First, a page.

Sign up for weekly updates

Two journalists sentenced to six months in prison with no parole for "defamation"

(RSF/IFEX) - Reporters Without Borders expressed shock at a six-month prison sentence handed down to publisher Clément Adéchian and editor Cécil Adjévi, of the privately-owned daily "L'Informateur", together with a fine of 500,000 FCFA (752 euros) for "defamation".

The two journalists were arrested and sentenced on 1 December 2006 on the basis of a complaint from a bailiff, Maxime Bankolé, who had been accused of rape in an edition of "L'Informateur", an accusation for which the journalists were unable to produce any evidence.

They were immediately taken to the Cotonou civilian prison and their lawyer has appealed against the sentence.

"Apart from the fact that it [adds] a political aspect to something which was just a crime story, the severity of this sentence does not in any way constitute an appropriate response to a journalistic mistake," the worldwide press freedom organisation said.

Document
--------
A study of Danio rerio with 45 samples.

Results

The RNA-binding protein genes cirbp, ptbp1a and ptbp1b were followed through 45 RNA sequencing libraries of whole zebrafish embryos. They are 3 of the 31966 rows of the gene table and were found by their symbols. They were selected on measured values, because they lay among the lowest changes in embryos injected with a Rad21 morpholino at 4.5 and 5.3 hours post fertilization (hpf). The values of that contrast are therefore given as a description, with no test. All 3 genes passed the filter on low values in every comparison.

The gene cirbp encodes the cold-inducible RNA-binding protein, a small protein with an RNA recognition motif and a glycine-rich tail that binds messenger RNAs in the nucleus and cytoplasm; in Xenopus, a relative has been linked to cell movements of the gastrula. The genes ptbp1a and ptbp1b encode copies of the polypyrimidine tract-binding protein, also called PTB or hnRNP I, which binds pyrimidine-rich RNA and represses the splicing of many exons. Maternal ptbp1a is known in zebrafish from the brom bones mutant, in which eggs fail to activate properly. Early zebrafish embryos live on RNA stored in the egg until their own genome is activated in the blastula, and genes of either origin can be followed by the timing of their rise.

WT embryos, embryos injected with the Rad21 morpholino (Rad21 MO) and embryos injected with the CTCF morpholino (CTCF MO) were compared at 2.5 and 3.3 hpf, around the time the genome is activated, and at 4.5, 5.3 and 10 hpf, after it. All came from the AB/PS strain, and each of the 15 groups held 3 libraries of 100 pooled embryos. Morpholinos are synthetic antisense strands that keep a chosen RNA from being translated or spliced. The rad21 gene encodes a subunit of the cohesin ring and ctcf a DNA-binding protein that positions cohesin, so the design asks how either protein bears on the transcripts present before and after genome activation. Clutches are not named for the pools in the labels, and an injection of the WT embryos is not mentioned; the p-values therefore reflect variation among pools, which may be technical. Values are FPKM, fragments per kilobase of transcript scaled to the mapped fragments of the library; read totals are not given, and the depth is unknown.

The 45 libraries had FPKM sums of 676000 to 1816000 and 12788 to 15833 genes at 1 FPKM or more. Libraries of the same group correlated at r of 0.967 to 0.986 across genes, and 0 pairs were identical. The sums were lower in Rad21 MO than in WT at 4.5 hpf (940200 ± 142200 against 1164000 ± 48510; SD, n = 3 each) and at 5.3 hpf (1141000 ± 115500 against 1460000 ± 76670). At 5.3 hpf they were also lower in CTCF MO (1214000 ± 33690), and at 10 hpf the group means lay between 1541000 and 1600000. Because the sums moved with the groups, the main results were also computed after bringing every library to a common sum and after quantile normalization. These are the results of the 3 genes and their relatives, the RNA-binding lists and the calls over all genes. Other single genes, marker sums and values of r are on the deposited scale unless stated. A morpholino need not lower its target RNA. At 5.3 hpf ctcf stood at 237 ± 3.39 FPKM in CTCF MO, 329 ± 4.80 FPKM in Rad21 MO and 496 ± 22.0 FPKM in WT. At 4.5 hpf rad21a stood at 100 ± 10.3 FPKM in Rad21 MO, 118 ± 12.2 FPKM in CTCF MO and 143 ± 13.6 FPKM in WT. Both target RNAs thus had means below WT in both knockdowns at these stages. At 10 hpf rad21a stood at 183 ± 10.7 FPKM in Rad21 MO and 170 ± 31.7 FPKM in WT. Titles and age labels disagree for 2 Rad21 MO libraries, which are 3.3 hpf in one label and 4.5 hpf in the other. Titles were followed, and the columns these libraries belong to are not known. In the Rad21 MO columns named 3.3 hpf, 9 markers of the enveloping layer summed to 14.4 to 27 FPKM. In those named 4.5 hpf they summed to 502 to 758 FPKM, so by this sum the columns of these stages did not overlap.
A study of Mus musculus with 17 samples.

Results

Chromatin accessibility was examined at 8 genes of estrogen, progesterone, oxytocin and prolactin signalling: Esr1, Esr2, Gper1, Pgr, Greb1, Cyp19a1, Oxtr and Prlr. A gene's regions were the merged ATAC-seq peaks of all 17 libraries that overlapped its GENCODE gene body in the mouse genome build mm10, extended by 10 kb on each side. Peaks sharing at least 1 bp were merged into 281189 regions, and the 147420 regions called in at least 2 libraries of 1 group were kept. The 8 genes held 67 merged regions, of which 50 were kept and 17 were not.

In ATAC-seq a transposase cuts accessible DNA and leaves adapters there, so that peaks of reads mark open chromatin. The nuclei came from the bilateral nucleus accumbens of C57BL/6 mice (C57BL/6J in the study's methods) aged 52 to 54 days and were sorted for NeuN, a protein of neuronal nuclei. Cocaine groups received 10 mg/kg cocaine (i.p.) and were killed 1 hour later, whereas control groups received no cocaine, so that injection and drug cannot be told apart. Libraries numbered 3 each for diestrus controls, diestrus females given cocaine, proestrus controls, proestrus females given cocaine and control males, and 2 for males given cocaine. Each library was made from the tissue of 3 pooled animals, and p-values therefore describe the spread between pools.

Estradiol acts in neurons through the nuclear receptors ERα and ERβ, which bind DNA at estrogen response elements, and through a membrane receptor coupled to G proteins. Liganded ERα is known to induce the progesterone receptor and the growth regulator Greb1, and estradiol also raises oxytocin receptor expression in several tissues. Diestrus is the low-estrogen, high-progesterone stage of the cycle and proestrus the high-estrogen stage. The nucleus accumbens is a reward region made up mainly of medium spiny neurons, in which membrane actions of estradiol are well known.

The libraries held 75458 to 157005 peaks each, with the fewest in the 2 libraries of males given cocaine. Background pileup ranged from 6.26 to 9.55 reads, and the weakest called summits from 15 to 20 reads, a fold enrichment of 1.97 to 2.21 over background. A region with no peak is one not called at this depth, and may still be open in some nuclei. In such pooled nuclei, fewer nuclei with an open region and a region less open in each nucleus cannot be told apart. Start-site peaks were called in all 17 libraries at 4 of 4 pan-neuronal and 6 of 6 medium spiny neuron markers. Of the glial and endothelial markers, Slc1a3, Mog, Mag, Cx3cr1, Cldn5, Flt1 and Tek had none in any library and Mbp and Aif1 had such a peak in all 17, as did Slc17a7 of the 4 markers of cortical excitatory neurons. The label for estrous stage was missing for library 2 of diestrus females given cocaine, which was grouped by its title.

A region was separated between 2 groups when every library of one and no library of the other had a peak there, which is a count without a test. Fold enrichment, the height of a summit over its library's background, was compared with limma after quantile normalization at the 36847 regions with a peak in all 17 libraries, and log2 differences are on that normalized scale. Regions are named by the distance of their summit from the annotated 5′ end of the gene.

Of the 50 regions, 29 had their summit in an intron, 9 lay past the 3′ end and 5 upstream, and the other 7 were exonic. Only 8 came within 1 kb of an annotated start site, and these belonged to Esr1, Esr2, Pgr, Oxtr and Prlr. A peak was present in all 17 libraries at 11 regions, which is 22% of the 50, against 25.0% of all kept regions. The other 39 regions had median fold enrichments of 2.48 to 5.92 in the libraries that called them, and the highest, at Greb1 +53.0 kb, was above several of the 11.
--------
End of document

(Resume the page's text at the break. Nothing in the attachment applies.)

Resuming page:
"We have said it often enough: the supervision of the press should be left to media regulatory bodies and not to the criminal justice system, because prison has a symbolic meaning [whose] effectiveness is inversely proportional to the punishment [meted out by peers]. Since this is the second case in which journalists have been imprisoned since Boni Yayi became president, we believe it is time to reform the law," it added.

In a statement released on 4 December, the national council of press and broadcast employers (CNPA) and the Benin journalists' union (UPMB) said that it was "always bad for the image of our country and for the consolidation of our democracy to send journalists to prison just for articles they have written" and they appealed for "leniency from the judicial authorities and the understanding of the political authorities."

Latest Tweet:

Malaysia: A proposed media council which is open, accountable and transparent "can help to build confidence in the…

Get more stories like this

Sign up for our newsletters and get the most important free expression news delivered to your inbox.